Traveling for Medical Procedures: Thrifty or Health-Endangering?


I don't doubt that medical care can be just as good outside the US as in the US, but I am comfortable with my medical care here, where all my doctors can read my giant medical records going back for decades in one place. This even has prevented me from switching to another health care center - I would have to spend a fortune getting all my medical files moved. Digital ones are easy, its the older paper ones which are expensive. Just think of photocopying all those pages.

Then this morning's news is all about how patients who travel for medical procedures overseas are bringing home this new resistant strain of germs that have a gene which is resistant to all but one currently known antibiotic. So maybe I won't jump on that medical travel bug quite so fast.

It is not surprising to me that a germ has appeared that is resistant to Western medicine. If you think about it, it's a completely different germ pool in another city in a foreign company. Local germ pools are developed based on the people who live there. So think, if it's a city with a relatively local germ pool and you stick some outsiders into it who have different immunities, and voila, you get new germs with new mutations. I think it doesn't matter to germ pools if the new people are introduced from 100 miles away or 10,000 miles away.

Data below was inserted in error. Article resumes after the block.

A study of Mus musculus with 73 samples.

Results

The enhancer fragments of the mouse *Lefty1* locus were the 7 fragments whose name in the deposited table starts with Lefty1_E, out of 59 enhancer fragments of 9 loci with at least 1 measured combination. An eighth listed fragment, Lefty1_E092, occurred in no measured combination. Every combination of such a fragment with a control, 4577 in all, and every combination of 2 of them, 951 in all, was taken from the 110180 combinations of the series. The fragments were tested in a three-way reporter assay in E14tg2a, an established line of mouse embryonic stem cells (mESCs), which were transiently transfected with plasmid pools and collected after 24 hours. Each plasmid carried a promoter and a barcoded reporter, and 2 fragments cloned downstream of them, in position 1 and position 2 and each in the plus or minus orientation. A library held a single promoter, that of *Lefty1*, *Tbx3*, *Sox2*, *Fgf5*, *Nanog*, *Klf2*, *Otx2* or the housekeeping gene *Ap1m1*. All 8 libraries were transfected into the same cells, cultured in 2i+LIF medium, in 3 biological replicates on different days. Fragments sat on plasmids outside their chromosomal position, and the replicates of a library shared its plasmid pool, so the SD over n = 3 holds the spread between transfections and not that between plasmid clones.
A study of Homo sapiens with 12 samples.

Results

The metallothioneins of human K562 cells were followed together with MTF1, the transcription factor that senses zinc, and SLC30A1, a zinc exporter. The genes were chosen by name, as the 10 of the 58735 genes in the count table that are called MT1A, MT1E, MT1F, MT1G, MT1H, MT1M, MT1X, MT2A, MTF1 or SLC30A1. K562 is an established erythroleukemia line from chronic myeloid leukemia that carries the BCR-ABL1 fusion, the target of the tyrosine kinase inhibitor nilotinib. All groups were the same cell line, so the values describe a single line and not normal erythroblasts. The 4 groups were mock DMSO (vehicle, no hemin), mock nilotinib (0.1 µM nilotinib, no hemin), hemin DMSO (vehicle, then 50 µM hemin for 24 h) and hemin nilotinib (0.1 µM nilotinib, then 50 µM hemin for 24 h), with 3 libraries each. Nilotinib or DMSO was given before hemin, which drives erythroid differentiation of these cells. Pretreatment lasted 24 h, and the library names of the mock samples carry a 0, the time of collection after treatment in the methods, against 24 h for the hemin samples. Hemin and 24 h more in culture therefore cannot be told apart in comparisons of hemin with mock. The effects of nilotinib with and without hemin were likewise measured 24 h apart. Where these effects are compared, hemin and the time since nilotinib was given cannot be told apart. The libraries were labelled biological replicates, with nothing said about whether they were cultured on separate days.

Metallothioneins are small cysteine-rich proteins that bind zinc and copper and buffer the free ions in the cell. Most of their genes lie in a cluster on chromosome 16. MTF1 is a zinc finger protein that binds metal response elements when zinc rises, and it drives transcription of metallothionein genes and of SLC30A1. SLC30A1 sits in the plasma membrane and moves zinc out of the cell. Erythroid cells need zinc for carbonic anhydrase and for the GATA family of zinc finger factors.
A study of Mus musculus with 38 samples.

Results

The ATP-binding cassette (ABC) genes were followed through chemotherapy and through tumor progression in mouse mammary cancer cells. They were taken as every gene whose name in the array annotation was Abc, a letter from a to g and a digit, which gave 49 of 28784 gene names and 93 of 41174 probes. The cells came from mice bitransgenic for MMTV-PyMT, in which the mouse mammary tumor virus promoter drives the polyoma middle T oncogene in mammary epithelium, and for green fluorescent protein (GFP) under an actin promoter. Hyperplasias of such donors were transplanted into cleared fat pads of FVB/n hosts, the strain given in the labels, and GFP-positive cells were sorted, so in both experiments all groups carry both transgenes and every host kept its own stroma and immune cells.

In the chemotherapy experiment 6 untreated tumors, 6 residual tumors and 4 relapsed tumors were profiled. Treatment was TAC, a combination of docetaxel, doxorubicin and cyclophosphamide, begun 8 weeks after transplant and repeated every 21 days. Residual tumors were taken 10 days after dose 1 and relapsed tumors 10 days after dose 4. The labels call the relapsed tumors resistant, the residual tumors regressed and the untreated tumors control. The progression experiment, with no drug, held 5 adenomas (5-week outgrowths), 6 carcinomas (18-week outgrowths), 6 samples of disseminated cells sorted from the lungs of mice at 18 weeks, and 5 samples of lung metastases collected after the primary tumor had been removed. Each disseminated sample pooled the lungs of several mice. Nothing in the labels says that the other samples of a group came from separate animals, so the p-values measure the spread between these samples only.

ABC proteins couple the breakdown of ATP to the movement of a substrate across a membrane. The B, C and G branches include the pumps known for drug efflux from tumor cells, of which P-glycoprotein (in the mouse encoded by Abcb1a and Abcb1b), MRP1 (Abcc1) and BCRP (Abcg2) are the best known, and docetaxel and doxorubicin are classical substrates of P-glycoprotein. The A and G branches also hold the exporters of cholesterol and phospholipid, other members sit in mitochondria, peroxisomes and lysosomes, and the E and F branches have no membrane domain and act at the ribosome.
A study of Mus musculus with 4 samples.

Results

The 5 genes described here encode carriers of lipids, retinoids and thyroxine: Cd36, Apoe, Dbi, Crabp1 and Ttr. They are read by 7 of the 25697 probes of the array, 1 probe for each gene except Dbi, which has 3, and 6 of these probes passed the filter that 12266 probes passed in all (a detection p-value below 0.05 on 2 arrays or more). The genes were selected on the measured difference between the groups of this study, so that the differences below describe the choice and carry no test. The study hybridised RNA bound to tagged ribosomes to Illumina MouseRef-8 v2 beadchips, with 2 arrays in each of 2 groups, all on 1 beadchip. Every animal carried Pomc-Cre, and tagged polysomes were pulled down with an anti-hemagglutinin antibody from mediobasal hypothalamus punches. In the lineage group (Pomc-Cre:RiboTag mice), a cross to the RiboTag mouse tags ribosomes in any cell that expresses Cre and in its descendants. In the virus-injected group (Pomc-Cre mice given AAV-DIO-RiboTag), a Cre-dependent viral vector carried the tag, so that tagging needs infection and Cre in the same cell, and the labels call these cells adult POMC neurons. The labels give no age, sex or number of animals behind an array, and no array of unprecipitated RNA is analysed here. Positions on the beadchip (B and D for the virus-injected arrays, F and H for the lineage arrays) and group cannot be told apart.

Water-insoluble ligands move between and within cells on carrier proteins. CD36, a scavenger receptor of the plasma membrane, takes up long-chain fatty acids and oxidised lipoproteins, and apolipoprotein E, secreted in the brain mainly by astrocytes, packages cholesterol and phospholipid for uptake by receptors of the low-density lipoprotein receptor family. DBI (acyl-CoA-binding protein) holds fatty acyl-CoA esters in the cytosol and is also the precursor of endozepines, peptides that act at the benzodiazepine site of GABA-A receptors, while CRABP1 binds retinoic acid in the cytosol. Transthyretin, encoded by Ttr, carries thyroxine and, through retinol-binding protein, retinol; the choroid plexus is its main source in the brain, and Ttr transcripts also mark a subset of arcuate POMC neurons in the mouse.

The problems are pinpointed in the last two paragraphs of the second article:

"... "What you're looking at here is like coastal erosion, a gradual winding down of our ability to treat infections. The worry is, as time goes by, infections become a little harder and harder to treat. So much of modern medicine depends critically on our ability to treat infections as they arise."

"The Lancet authors say the growing popularity of travel for medical care makes it unlikely that this particular genie will ever be stuffed back in the bottle. But they warn that such travel should probably be discouraged, saying the establishment of NDM-1 carrying strains around the world is a “clear and frightening” possibility."

If you add in the costs of treating antibiotic-resistant germs against the potential savings gained my treating patients overseas,the savings just may not be there in the long run.